Mark Jensen Kenosha murder trial: Jailhouse confession

Prosecutors in the Mark Jensen murder trial in Kenosha say it is a jailhouse confession. The defense said do not trust everything you're about to hear. 

The retrial of Mark Jensen entered a third week on Monday, Jan. 23. Jensen is accused of poisoning his wife. With allegations of a kidnapping plot, prosecutors on Monday said when a witness had a bombshell revelation, Mark Jensen had a plan to make him disappear.

Someone is always listening – at least on jail phones. In September 2007, Mark Jensen was recorded on the phone with the girlfriend of fellow inmate, David Thompson.

Mark Jensen

"(Jensen) said that that (Ed Klug) would be the thorn in his side," Thompson said. "He said that he didn’t want him to come to court."

Thompson testified that Jensen was looking up ways to kill his wife on the internet a month before she died.

"I was piqued by what he was saying," Thompson testified. 


"Where do bank robbers fit in that hierarchy?" asked special prosecutor Robert Jambois.

"I would guess somewhere in the middle, I would assume," Thompson said.

David Thompson

But alleged killers?

"Total celebrity," Thompson said, in reference to Mark Jensen.

Thompson testified he told Jensen he could make sure Ed Klug would not testify – a kidnapping, perhaps, for $1,000.

"He said that’s kind of low, but I can do that," Thompson said. "I got on the phone, I called my girlfriend at the time. I told her, I’m going to have Mark call you and when he gets on the phone, I want you to tell him everything his ass planned."


"Plan B was to totally get him out of picture. Just to get rid of him," Thompson said.

"Kill Ed Klug?" asked Jambois.

Edward Klug

"He didn’t want him to come to court," Thompson said. "What he didn’t know, is that I had sent Kim a letter to contact my lawyer and give him this information that this guy was plotting to have a guy kidnapped."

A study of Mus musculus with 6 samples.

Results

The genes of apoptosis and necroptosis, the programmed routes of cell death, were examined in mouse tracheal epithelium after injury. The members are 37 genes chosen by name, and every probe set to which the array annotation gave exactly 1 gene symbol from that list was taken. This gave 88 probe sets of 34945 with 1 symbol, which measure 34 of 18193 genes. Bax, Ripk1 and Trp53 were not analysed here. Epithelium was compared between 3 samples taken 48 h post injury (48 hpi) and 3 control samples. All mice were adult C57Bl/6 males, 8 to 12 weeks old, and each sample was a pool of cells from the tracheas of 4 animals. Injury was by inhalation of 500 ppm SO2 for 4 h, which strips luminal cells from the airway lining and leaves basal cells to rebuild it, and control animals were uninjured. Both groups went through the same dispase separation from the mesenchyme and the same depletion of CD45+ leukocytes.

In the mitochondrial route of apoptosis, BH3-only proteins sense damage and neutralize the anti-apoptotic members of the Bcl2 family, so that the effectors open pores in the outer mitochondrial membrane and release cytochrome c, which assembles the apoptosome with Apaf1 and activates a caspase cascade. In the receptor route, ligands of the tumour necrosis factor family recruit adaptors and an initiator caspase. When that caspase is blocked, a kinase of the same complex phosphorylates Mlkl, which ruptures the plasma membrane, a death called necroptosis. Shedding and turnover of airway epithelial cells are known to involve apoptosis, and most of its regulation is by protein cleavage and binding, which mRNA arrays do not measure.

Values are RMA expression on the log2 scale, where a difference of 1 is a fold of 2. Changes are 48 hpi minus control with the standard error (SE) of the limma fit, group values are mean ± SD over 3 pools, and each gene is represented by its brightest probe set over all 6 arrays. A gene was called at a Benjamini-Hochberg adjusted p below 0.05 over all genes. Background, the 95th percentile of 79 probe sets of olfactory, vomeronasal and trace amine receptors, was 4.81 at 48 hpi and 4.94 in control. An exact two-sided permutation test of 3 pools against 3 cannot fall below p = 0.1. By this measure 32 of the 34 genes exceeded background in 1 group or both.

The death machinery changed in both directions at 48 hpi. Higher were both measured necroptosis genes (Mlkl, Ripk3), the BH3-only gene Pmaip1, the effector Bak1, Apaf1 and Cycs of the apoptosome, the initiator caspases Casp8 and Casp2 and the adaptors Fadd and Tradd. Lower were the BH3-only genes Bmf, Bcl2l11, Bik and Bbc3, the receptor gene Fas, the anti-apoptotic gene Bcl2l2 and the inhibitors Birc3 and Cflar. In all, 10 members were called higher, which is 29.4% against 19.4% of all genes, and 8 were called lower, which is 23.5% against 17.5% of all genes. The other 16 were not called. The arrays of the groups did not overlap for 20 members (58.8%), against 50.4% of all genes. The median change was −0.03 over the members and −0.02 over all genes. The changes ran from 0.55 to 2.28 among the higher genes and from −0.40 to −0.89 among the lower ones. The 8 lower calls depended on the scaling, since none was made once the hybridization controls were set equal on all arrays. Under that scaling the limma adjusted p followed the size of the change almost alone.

And maybe get some help for his own legal troubles.

"It was all fictitious; it was never going to happen. I just wanted the money," Thompson testified.

"No money ever exchanged hands, did it?" asked defense attorney Jeremy Perri.

"Nope," replied Thompson. 

Convicted career con man and fraudster Aaron Dillard was back on the stand Monday. Dillard was housed in jail with Jensen for three days.

Aaron Dillard

"What aspect of his case was it that Mark Jensen seemed most upset about?" asked Perri.

"The Edward Klug testimony," Dillard said. 

"That’s what caused you to decide to push for information?" asked Perri.

"At first, I was trying to see how far he would go. And then he went. So then I decided to use it to help myself," Dillard said.

Dillard said Jensen confessed to poisoning Julie Jensen with antifreeze, drugging her, and smothering her. The defense said Dillard only knew case details because he read Jensen's case files.

"Do you consider yourself a rule follower?" Perri asked. 

"Believe it or not, when I’m in jail, yes," Dillard replied. 

The state could wrap up its case this week.